FORT LAUDERDALE, Fla. » A fisherman who tried to illegally sell a giant bluefin tuna that he’d caught while daytime swordfishing off South Florida this past June and the person who was given the tuna to sell have been assessed heavy fines for their transgressions.
NOAA Fisheries issued civil violations totaling $27,500 to the two men.
That’s some expensive sushi.
A Notice of Violation and Assessment of Administrative Penalty was sent to David Fidel, of Boynton Beach, who was fined $12,500 for violating the federal Magnuson-Stevens Fishery Conservation and Management Act “by selling or transferring or attempting to sell or transfer, for commercial purposes, an Atlantic tuna, shark or swordfish other than to a dealer that has a valid dealer permit.
“Specifically, on or about June 3, 2013, (Fidel) transferred a giant Atlantic Bluefin tuna landed on board his vessel to a person that did not have a valid dealer permit issued under (Magnuson-Stevens Act regulations) for commercial purposes.
“Moreover, when the giant Atlantic Bluefin tuna was landed aboard (Fidel’s) vessel, (Fidel) had an Atlantic Highly Migratory Species Angling Permit, which precludes the sale or transfer of recreationally caught Atlantic Bluefin tuna for commercial purposes.”
The person to whom Fidel transferred the tuna was Mikylo Senkowicz, of Boynton Beach, who did not have a valid permit to sell the tuna and received a Notice of Violation for $15,000 for violating the Magnuson-Stevens Act “by receiving a giant Atlantic Bluefin tuna for commercial purposes from the owner of a vessel not permitted to sell the tuna.
“Specifically, on or about June 3, 2013, (Senkowicz) received a giant Atlantic Bluefin tuna for the purposes of selling said tuna that was landed by the owner of a vessel that was not permitted to sell the tuna.”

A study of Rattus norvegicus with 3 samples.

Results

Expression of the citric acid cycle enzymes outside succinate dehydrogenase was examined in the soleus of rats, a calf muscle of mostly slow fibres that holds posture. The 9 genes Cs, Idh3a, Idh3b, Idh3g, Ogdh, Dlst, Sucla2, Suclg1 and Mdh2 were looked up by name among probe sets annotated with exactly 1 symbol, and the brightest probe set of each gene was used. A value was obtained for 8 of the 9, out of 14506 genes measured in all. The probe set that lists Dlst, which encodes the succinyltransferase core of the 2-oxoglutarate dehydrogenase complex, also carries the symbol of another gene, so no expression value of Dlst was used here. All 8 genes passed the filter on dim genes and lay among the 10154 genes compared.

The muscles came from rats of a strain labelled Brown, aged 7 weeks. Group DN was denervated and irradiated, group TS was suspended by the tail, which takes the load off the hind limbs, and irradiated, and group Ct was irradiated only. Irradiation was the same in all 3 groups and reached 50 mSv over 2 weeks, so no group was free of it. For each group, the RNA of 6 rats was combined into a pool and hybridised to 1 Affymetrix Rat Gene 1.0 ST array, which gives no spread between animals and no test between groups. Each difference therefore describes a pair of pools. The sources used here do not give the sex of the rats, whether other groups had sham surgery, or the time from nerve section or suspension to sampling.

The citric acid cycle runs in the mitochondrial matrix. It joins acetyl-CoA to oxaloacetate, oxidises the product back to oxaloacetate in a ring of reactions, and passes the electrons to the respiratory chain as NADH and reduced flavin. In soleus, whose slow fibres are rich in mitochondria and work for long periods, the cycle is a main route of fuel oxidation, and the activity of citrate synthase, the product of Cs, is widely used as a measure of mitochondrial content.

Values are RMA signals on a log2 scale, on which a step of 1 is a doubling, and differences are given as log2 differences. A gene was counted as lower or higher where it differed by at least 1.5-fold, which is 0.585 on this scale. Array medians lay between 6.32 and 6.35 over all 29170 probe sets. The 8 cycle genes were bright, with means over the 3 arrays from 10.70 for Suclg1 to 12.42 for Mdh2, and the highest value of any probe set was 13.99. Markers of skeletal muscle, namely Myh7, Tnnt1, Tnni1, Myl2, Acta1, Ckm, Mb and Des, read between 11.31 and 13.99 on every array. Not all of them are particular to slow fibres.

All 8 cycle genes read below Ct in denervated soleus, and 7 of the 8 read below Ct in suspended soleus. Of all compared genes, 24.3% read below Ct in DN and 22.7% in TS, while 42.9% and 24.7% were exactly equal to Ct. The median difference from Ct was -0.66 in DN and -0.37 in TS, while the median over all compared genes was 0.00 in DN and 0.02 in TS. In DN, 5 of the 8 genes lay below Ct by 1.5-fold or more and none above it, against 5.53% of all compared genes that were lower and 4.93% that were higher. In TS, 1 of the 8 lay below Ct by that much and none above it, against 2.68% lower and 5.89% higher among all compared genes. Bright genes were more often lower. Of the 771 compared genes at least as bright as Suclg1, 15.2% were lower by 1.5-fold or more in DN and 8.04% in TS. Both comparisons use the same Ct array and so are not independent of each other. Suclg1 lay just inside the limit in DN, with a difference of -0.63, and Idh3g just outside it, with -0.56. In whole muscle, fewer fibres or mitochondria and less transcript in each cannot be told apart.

According to the notices issued to the two men, law enforcement officers seized $2,260 “from the sale of one Atlantic Bluefin tuna.”
So, essentially, Fidel was fined for trying to sell a tuna he wasn’t allowed to sell and for giving it to a dealer who wasn’t authorized to sell it. Senkowicz was fined for taking a tuna to sell from someone who wasn’t allowed to sell it.
Neither man could be reached by telephone for comment.
According to initial reports, the tuna, which weighed in the neighborhood of 700 pounds, was caught while daytime swordfishing, a popular tactic in South Florida where baits are put on the bottom in 1,500-1,800 feet to catch swordfish.
Fidel’s troubles began when photos of the fish and stories about the catch, and what became of it, were posted online, although they were later removed. Law enforcement officers with the Florida Fish and Wildlife Conservation Commission became aware of the catch and seized the tuna. Because Atlantic Giant bluefins are a federally managed species, the FWC worked the case with NOAA Fisheries, which can issue much more expensive fines than the state agency.
The Notice of Violation, or NOVA, states that the violators can ask to have the amount of the penalty modified if they don’t have the ability to pay it. They have 30 days to respond to the NOVAs, during which time they can ask to have the penalty reduced, accept the penalty or request a hearing before an administrative law judge to contest the violations and penalty.
Giant bluefins are rare in South Florida waters, but since Fidel’s catch, there have been reports of least a couple of bluefins landed.
The big tunas are prized in Japan for sushi. In the northeastern United States and Canada, where bluefins gather this time of year, buyers will often pay tens of thousands of dollars at the dock for bluefins with high fat contents, which makes them especially appealing to sushi lovers.